EDF Analysis of the European Commission Proposal for revising the TEN-T Regulation

EDF Analysis of the European Commission Proposal for revising the TEN-T Regulation

This a first assessment of the European Commission’s proposal for revision of the Union guidelines for the development of the trans-European transport network (TEN-T Regulation (EU) No 1315/2013) which was published on 14 December 2021. It analyses the current proposal against the original TEN-T Regulation and EDF’s 2021 Position Paper on TEN-T.

The European Commission’s proposal provides a solid basis for improving the legal framework to advance accessibility of intermodal transport for persons with disabilities. However, to be effective and practical, TEN-T should add more concrete requirements for development and funding of TEN-T projects.

The following elements of the proposal are good and should be maintained in the final text:

  • Horizontal requirement on accessibility for all users, including for persons with disabilities and reduced mobility (Article 49).
  • New intermediate deadline of 2040 for the development of the TEN-T network.
  • Consideration of increasing the benefits for transport users, including persons with disabilities and reduced mobility as one of the objectives of TEN-T (Article 4).
  • Compliance of the TEN-T Regulation with relevant Union and national laws, including in relation to state aid, public procurement, and accessibility, and EU non-discrimination law (Article 8).
  • Giving priority to measures that contribute to, among other aims, improving accessibility for all users, including persons with disabilities or reduced mobility (Art. 12).
  • Additional accessibility and disability-related requirements for rail and road transport infrastructure (Articles 19 and 31).
  • Accessibility and disability-related requirement for the development and implementation (including monitoring) of sustainable urban mobility plans (Article 40 and Annex V).
  • Requirements to improve accessibility through new technologies, including by multimodal digital mobility services and improved access to travel information (Article 44).
  • Possibility to set up European working groups on interoperability, cross-boarder passenger rail services, urban nodes, cooperation with third countries or other topics as needed (Article 52).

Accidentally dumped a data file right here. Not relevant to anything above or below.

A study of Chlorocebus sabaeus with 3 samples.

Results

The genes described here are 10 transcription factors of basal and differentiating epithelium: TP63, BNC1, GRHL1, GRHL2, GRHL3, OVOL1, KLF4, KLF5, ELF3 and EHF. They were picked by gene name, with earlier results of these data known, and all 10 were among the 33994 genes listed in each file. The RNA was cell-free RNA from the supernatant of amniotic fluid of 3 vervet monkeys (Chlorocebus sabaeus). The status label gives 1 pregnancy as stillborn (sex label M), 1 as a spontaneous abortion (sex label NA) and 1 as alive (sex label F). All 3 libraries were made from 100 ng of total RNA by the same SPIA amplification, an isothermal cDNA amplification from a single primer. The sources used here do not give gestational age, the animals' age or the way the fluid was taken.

However, to be effective the text of the proposal must be strengthened and clarified further. Some shortcomings of the current text include:

  • Lack of quantitative or qualitative indicators, targets and timelines for improving accessibility of the TEN-T network.
  • Lack of clear references to relevant EU accessibility law such as the Rail Accessibility Regulation (TSI-PRM) or the European Accessibility Act, and the UN CRPD.
  • Lack of accessibility and disability-related requirements when setting additional priorities for inland waterway (Art. 23), maritime (Art. 27), air transport (Art. 34), multimodal transport (Art. 38) infrastructure, or for urban nodes (Art. 41).
  • Lack of accessibility and interoperability requirements for vehicles, vessels, aircrafts, and rolling stocks which use the TEN-T infrastructure.
  • Lack of earmarked funding or prioritization of projects to improve accessibility of the TEN-T network, as well as lack of transparency how TEN-T development funds are used in relation to accessibility (improving or creating more barriers).
  • Lack of requirements for publishing accessible data on accessibility of TEN-T projects.
  • Lack of assurances for meaningful involvement of organizations with disabilities in setting priorities for the TEN-T network development and involvement in projects.
  • Lack of accessibility requirements for development of infrastructure in third countries supported by EU that connects to the TEN-T network.
  • Use of language inconsistent with the CRPD.

Read the full document through the below links:

For further questions contact Mher Hakobyan, EDF Accessibility Officer (mher.hakobyan@edf-feph.org).